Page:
It's widely believed that is was McCarty who broke the curse that had lingered over the Red Wings by beating the ever-loving will to fight out of Claude Lemieux in one of the most famous dust ups in recent sports history.
McCarty also put the final nail in the coffin of the Philadelphia Flyers in Game 4 of the Stanley Cup Finals with a slick inside-outside move on Janne Niinimaa in the second period. The goal would prove to be the game winner.
(Listen to that crowd erupt! If you happened to be there and are reading this, I want to know how loud it was in person. Chills. Seriously, chills.)
The story of McCarty doesn't stop there though.
He would continue to embody the Red Wings mentality through his entire career, which was rife with roadblocks and stumbles. He has been to rehab on four separate occasions for undisclosed addiction issues, but never quit moving his feet.
Addiction wouldn't prove to be strong enough to keep No. 25 down. Just like he helped dispel the dark cloud that hung over the Red Wings for so long, the team would later return the favor as the healthy and driven McCarty began his comeback in 2007. After his career (and personal life) hit rock bottom in Calgary, McCarty righted his own ship and signed with the Flint Generals in December of that year.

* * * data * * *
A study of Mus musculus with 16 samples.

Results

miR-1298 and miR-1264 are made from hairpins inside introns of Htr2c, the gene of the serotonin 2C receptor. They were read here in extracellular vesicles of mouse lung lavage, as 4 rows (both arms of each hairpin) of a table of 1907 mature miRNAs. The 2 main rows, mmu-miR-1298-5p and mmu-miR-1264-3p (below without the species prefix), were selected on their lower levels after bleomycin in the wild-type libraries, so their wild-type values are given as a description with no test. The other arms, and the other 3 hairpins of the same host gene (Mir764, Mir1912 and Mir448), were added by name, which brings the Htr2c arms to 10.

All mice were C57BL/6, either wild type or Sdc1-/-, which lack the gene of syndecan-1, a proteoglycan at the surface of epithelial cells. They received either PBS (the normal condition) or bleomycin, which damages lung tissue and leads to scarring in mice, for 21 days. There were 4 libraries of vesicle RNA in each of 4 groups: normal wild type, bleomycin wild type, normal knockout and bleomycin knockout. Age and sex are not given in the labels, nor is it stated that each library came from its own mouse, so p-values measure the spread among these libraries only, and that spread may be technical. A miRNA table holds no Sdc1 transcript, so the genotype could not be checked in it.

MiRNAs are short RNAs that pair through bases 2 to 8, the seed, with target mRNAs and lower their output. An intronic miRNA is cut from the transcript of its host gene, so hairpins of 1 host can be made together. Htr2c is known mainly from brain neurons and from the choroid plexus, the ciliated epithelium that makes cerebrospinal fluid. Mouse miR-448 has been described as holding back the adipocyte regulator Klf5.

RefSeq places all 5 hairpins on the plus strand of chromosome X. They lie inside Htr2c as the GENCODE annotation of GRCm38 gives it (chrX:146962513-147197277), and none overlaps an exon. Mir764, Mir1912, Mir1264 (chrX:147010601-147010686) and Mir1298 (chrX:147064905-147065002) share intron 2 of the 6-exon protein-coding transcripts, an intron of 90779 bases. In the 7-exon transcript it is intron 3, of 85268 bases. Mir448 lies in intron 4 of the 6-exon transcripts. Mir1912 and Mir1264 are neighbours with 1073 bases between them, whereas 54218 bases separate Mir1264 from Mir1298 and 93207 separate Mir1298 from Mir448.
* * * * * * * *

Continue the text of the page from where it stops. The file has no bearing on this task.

The Generals were owned by former Grind Liner Kris Draper, who was instrumental in encouraging McCarty to return to pro hockey. But there are no handouts in Detroit. No contracts offered in nostalgia.
After 10 games in Flint, McCarty landed a tryout with the Grand Rapids Griffins. In his first game he scored a hat trick and tacked on an assist for good measure. It was clear at this point that he was fired up, and had reclaimed some of the spunk that had made him such a well-liked Red Wing.
The hockey gods smiled on McCarty, as he was finally called up to Detroit on March 7th—just in time for the opening round of the Stanley Cup Playoffs against Nashville. The comeback run would accumulate with McCarty lifting the Stanley Cup for the fourth time as a member of the Detroit Red Wings.
When I think guts and determination, this is one of the first guys that come to mind. Looking at a league that is currently saturated with cheap shot artists, I miss McCarty even more. He was skilled enough to put up big goals, stuck up for his teammates (and best friends), and played with plenty of snarl without crossing the line.
I miss watching him play for these reasons. Sure, he'll always be connected to Fight Night at the Joe, and for finishing off the Flyers to end the drought. But what I truly miss is the drive and desire that this guy brought to the ice every night.
McCarty had a personality that was made apparent through his on-ice play, and I don't think it's a coincidence that he was part of the four most recent championship parades in Detroit.